When a person passes away and their estate goes through probate, the records of the probate proceedings become a matter of public record. This means that anyone can access the records, including the deceased person’s will, inventory of assets, debts, and distributions to beneficiaries.
Access in the Surrogates Court
In New York, probate records are maintained by the Surrogate’s Court in the county where the deceased person lived. The records are generally available for public inspection, although some records may be restricted due to privacy concerns.
While probate records are public, there are some situations in which they may be sealed or restricted from public access. For example, if the deceased person’s will includes sensitive or confidential information, the court may order that the will be sealed or redacted to protect the privacy of the deceased person and their family.
In addition, if the executor or administrator of the estate is concerned about the privacy of the deceased person’s beneficiaries or the distribution of assets, they may petition the court to keep certain information confidential or to limit public access to the records.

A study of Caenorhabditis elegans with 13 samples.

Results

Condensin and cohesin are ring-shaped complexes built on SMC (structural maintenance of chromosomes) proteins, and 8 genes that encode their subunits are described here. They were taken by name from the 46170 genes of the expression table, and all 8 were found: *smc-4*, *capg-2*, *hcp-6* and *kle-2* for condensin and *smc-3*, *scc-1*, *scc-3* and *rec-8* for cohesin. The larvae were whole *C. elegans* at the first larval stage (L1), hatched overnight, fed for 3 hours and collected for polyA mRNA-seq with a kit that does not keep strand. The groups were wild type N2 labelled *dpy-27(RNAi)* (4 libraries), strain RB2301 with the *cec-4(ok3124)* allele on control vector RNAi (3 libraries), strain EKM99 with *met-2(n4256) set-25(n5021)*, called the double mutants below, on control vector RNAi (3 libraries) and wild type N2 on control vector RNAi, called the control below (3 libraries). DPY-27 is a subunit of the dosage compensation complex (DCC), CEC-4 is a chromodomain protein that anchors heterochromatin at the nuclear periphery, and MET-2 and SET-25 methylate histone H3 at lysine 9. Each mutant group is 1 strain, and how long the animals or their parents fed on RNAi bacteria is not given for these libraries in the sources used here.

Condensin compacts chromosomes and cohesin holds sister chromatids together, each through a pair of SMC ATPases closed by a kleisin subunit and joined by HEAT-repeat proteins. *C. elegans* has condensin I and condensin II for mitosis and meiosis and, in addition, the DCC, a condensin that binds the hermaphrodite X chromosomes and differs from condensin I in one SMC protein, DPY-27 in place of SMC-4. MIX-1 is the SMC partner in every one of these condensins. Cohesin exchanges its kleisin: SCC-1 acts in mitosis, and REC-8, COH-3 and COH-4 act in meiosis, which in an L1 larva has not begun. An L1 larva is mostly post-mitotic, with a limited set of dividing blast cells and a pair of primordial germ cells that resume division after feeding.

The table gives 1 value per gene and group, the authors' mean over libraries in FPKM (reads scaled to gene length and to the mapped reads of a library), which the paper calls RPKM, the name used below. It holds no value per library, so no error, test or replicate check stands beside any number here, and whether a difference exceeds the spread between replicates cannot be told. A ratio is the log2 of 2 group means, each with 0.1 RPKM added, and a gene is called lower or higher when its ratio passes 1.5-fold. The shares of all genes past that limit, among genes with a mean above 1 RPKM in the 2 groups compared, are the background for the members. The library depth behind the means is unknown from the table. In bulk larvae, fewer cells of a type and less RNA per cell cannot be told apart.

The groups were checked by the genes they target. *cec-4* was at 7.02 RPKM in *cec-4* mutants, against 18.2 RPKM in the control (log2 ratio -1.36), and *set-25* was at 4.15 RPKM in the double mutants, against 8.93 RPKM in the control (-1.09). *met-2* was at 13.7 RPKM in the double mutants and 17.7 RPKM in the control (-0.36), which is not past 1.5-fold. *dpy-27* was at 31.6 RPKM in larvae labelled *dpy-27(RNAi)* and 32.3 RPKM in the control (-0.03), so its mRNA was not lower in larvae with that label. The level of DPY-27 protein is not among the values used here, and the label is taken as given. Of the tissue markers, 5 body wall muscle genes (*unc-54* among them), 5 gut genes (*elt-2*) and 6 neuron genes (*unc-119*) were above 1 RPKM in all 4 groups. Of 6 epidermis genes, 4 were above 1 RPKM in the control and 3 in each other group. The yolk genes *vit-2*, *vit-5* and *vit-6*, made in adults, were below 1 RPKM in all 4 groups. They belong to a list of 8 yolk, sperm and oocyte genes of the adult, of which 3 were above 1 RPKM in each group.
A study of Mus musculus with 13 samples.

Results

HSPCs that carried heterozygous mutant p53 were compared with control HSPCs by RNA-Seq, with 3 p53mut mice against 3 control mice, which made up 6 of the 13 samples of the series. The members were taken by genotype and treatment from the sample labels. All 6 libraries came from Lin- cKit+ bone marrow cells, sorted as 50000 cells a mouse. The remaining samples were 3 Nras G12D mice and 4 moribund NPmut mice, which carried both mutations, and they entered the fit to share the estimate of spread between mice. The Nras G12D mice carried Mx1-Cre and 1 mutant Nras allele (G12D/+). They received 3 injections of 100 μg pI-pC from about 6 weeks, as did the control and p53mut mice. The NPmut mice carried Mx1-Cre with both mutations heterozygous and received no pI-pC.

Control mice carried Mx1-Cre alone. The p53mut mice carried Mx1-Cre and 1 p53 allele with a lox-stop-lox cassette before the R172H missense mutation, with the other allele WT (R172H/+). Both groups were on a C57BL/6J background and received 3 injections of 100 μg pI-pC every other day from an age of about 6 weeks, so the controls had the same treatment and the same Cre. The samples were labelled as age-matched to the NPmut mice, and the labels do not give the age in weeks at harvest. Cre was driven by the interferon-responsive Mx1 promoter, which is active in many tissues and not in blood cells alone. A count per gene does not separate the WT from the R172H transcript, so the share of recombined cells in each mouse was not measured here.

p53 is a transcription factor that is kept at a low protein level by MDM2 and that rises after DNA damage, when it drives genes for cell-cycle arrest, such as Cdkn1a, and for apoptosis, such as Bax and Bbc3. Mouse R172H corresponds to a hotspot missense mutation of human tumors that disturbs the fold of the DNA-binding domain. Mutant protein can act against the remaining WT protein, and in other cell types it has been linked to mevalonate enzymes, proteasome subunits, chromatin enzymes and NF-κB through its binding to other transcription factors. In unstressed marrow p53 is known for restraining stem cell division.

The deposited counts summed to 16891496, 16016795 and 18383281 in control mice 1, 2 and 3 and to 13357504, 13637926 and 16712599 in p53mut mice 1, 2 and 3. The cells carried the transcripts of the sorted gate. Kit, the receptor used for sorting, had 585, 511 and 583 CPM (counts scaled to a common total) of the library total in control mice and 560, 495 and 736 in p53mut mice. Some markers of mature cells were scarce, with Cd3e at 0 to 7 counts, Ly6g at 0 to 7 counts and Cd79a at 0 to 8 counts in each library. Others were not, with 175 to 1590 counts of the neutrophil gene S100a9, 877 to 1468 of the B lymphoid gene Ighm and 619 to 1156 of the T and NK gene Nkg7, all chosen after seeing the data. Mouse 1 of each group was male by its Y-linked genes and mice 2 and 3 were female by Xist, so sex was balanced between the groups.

In summary, probate records in New York are generally public and can be accessed by anyone. However, some records may be sealed or restricted from public access to protect the privacy of the deceased person and their family. If you have concerns about the privacy of your estate or the distribution of your assets, it’s important to work with an experienced estate planning attorney. They can help you understand the implications of probate and advise you on strategies to protect your privacy and ensure that your wishes are carried out after you pass away.
Contact us today at (631) 518-3093 to discuss how to navigate the probate and or estate administration process
Sheryll Law is an award-winning firm with many satisfied clients on Long Island. Call us at (631) 518-3093 today or fill in a short form to schedule a consultation with one of our New York State estate attorneys.